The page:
Updated: Sep 13, 2019
In Monotreme's first-ever youth contributor post, Morgan Burnside shares with us his brilliant photos and his thoughts on how travel has broadened his perspective.
I am 17 and as I sit in front of my computer thinking about the question “what made travel special to you” I find myself hitting a bit of a wall. Apart from the fact that I have procrastination down to an art form, the crux of my problem is that I’ve never really thought about that myself. I’ve never really thought about why travel has had such a fundamental impact on my young impressionable brain.
Back when I was in the disagreeable phase of my teenage years, my family dragged my younger brother and I around New Zealand several times in an embarrassingly emblazoned camper van. We listened to a lot of audio books, discovered snow, walked up some exceptionally beautiful mountains, gazed into some impossibly blue water and collected lots of rocks. It was, over all, fun. However when I think back to the bits that have stuck in my mind, I find myself remembering the people that I met more than the scenery that features in most of the photos.
Don’t get me wrong, the scenery was great. As a backdrop, NZ mountains are epic. It was however the random conversations I had that ended up being the things that stayed with me. If I really think about it, in a tiny way, they changed the way I see the world . Those conversations and the books that I was listening to at any given destination ended up being a sort of verbal theme song to the scenery unfolding in front of me.
The book I that we listened to as the picturesque scenes of NZ flowed past was Antony Beevor's The Spanish Civil War; a book detailing the brutal internal conflict that shook Spain to its foundations.
So, by way of an incongruous segue, I can jump twelve months forward to a similar scene in Spain. My family and I sitting in the back of a van listening to our young guide tell us about his family's experiences in that same war. He told us about how the war claimed the life of his grandfather and how just the previous week the family had had confirmation that the remains they had finally found after decades of searching had come back from a lab. The results confirming through DNA analysis that the remains where his grandfathers. Daniel, our guide, went on to tell us the story of his family’s time in the war and the powerful tale how his grandfather dies at the hands of a ruthless dictator.
I realize now as I am writing this that I do not remember where in Spain we were at the time; we could have been on the moon for all it mattered. The memory that burned itself incandescently into my memory was the story that was told to me from the front seat of a beaten up VW van. Then and there I listened, and relished the moment. I felt no need to cheapen the scene by sharing it on Instagram or Facebook. I felt comfortable in the knowledge that I would never forget this.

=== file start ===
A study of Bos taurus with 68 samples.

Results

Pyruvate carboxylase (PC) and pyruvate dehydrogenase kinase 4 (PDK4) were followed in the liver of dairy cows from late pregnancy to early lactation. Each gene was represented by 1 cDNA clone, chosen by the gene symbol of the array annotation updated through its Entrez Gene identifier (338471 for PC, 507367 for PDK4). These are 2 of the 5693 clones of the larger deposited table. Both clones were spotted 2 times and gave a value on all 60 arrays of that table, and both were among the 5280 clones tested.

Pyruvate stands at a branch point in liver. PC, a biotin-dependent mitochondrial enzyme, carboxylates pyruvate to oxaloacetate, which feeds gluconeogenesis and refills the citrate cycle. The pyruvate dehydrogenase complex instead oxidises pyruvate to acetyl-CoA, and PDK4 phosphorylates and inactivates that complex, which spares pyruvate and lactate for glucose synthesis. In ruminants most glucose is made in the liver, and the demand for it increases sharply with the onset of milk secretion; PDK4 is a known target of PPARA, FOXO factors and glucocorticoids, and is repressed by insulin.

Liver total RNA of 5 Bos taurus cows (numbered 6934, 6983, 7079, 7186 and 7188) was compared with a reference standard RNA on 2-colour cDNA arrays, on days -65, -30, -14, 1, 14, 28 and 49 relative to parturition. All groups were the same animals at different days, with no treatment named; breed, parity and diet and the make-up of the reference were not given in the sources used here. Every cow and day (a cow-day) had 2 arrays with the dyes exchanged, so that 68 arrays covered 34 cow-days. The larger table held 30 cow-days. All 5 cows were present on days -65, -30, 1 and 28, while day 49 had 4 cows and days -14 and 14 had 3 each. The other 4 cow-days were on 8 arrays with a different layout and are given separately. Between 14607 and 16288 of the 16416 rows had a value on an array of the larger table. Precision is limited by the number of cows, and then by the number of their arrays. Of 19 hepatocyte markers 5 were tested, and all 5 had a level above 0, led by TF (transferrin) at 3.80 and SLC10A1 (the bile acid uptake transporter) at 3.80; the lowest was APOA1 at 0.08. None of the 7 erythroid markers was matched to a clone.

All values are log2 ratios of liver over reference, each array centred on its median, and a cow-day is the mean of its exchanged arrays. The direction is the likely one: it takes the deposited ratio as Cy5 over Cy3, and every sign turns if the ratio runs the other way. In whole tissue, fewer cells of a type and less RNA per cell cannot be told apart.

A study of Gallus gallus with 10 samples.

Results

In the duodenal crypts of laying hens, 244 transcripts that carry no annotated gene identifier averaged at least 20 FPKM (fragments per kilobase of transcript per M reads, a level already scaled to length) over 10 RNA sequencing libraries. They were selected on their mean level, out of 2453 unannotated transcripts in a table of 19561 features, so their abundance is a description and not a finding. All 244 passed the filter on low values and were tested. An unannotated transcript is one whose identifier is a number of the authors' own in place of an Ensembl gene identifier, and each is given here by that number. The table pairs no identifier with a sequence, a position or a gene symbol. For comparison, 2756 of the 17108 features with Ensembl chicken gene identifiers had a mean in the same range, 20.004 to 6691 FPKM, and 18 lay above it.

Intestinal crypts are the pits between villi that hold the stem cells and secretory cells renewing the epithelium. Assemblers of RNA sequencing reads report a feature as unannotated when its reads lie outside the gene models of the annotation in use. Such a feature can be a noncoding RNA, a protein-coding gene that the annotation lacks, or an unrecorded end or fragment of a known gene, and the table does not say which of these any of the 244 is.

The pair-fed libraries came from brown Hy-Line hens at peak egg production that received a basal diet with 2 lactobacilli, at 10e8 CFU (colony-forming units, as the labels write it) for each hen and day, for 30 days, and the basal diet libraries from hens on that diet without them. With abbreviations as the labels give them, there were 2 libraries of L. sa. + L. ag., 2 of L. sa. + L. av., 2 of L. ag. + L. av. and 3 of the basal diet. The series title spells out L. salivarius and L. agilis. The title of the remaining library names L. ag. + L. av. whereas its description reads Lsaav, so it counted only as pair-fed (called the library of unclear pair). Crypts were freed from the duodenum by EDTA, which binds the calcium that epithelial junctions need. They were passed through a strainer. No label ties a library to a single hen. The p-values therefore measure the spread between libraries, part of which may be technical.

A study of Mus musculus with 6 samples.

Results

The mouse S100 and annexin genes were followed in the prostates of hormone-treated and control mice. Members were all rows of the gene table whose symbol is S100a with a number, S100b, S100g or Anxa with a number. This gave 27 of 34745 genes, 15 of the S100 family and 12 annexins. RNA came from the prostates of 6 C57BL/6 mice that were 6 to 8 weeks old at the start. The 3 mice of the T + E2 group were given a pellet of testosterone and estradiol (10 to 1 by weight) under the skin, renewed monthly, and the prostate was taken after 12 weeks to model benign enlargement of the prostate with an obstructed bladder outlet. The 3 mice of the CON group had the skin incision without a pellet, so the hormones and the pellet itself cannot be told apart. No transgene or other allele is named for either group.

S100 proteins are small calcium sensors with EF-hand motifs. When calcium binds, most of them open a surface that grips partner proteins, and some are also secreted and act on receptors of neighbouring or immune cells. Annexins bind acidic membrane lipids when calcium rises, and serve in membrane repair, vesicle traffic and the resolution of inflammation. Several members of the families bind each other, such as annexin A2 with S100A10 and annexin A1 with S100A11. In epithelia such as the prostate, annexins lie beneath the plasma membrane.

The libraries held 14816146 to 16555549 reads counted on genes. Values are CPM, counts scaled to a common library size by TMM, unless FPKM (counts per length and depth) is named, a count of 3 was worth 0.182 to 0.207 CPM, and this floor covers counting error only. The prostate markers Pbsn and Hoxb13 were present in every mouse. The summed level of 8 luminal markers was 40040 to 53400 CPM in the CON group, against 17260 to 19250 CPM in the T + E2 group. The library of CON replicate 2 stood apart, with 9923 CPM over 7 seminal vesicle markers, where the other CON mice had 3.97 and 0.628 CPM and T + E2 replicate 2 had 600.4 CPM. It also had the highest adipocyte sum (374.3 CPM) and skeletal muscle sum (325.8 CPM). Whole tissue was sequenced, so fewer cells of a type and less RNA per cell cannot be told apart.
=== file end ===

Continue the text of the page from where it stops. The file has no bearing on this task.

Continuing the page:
Stories like those cannot be sought out, they have a habit of simply popping out like some narrative-based whack-a-mole.
Another similarly memorable encounter happened in the same trip – our European adventure – this time in Iceland. It was our second last day and we found ourselves enjoying one of the country's many thermal pool facilities.
My brother and I had found a less tourist-centric corner of the pools and were trying to get used to the rotten egg smell given off by the pools minerals. Suddenly, and to the shock of my brother and I, a distinctively enormous man surfaced like a pale submarine next to us. He introduced himself as Keith, and we found ourselves in a conversation with him and his wife who had surfaced in a similar fashion shortly after. We soon learned that Keith was a very well-travelled man himself. He was an American living in Japan with his wife who he had met when he travelled there many years ago. He had been to every country on the Asian continent that I could list and knew all about them. He began to describe the nuances of Japanese culture and why is was like no other on earth. So there I was, in Iceland, talking to an American, about the depth of Japan’s culture. You can't make that stuff up.
I realize now that the essence of what made and will continue to make travel such an important experience to me is the people. Each conversation you have on whatever journey you choose to make will be a glimpse into a whole world of experiences and ideas. These experiences will shape you as a person and broaden your own ideas about the world more than sitting on the couch at home scrolling through your feed ever will. As a young person who is growing up in an increasingly connected world I have come to realize the very important role travel can play in the lives of people who choose to take the leap.
"Each conversation you have on whatever journey you choose to make will be a glimpse into a whole world of experiences and ideas."
As social media becomes the dominant lens through which we view the world around us, it has become more important than ever for young people to gain their own perspective on the world in which we live. We have reached a point when disconnecting is now a harder process than connecting. The decision to travel is one that needs to be made by the individual. It is an unfortunate fact that the best way to get a teenager to not do something is to directly tell them to do it. So with this in mind I will leave my experiences as inspiration and hope they help the young people who read them to take that leap into an adventure.
Monotreme is going to print, and we're already partnering with some of the Hawkesbury's most exciting local businesses to make "media for good" a reality. We're employing locals from Autism Step Australia to hand-deliver West of the River Magazine to doors. Want to get on board for pay-what-you-like sponsorship? Click on the "West of the River" tab above to make your pledge.